Homebuilder Confidence Drops by Most Since 2014
Confidence among U.S. homebuilders plummeted by the most since 2014 as the highest borrowing costs in eight years restrained demand, adding to signs of a cooling housing market that will weigh on the Federal Reserve’s debate over how far to raise interest rates.
The National Association of Home Builders/Wells Fargo Housing Market Index dropped eight points in November to 60, the lowest level since August 2016, according to a report Nov. 19. That compared with the median estimate of economists for a one-point drop to 67.
Shares of homebuilders initially fell and 10-year Treasury yields erased gains after the report, which represents one of the first breaks in elevated levels of business and consumer confidence that have persisted since Donald Trump was elected president in November 2016. While the index remains in positive territory, the group called on policymakers to take note of the housing situation as a possible warning sign about the broader economy.
A housing slowdown may have implications for how far the central bank will extend its run of eight interest-rate hikes since late 2015. The Fed is expected to raise interest rates in December and also will update projections that in September showed a median outlook of three quarter-point hikes next year.
“Rising mortgage interest rates in recent months coupled with the cumulative run-up in pricing has caused housing demand to stall,” NAHB Chief Economist Robert Dietz said in a statement accompanying the data. “Given that housing leads the economy, policymakers need to focus more on residential market conditions.”
The NAHB sub-index measuring current sales fell seven points to 67, the lowest since August 2016, while the index for the six-month outlook for transactions dropped 10 points to 65, the lowest since May 2016. A measure of prospective buyer traffic declined eight points to 45, also the lowest since August 2016.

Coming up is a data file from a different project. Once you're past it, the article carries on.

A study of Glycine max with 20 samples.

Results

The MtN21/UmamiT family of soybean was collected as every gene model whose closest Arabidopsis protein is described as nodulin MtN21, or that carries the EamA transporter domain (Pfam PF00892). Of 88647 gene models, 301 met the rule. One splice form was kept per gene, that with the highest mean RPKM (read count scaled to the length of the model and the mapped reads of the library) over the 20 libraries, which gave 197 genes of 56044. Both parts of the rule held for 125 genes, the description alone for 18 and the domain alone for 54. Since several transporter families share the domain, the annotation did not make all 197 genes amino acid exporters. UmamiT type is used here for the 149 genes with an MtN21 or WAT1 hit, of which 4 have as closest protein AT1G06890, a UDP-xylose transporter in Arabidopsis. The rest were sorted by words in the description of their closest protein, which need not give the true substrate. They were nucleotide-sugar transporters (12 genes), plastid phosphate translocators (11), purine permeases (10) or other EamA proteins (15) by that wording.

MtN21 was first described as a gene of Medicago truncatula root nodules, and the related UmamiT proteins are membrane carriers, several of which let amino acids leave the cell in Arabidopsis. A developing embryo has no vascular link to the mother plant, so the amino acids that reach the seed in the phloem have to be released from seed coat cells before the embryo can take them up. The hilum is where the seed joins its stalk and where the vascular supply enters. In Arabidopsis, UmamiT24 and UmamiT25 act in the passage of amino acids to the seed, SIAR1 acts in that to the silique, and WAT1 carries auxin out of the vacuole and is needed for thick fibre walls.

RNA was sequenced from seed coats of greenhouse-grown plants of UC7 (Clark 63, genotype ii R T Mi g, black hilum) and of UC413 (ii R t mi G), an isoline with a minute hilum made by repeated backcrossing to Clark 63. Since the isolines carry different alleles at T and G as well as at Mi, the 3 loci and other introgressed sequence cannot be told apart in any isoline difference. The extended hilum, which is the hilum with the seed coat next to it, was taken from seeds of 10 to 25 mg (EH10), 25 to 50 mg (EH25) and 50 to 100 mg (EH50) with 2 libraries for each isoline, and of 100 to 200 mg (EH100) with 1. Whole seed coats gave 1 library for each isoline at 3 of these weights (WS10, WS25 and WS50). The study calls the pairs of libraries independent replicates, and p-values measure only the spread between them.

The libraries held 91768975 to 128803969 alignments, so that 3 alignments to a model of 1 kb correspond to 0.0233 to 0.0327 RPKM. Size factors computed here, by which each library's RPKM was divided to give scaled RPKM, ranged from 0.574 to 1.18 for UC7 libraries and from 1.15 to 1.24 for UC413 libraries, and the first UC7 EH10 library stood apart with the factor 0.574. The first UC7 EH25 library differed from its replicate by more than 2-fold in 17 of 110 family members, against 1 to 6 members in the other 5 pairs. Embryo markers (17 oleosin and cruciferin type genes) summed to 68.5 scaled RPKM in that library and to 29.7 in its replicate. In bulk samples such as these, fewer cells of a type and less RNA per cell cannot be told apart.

The buyer-interest gauge is “pretty weak” and may be even more concerning if it stays below 50 for a few months, Barclays economist Blerina Uruci said.
“The housing market continues to be in the recovery phase, but I see it as losing momentum now, as that recovery softens, as we get late in the business cycle,” Uruci said.
Other reports this week are expected to show a more stable housing-market picture, with starts and existing-home sales projected to rise slightly in October, despite the headwinds. The Mortgage Bankers Association said last week the average rate on a 30-year fixed mortgage rose to 5.17%, the highest since April 2010.
The stalling in the housing market will be a part of the Fed’s debate at its meeting Dec. 18-19, when investors expect the central bank to raise the nation’s benchmark short-term interest rate for the fourth time this year. The Fed and private economists generally expect growth to cool from its strong pace in the second and third quarters of 2018; some analysts see the possibility of a recession in 2020 as the effects of fiscal stimulus fade.
At the same time, a softening housing market may not be as much of a negative for the economy as during the previous expansion. Residential investment accounts for about 3.9% of gross domestic product now, compared with 6.7% in 2005. The homebuilder index still is above 50, indicating more builders view conditions as good rather than poor.
Previous extended declines in the homebuilder index — which dates to 1985 — have preceded the past three recessions. The drop in early 2014 — a year the housing market slumped — was followed by a rebound as it recovered.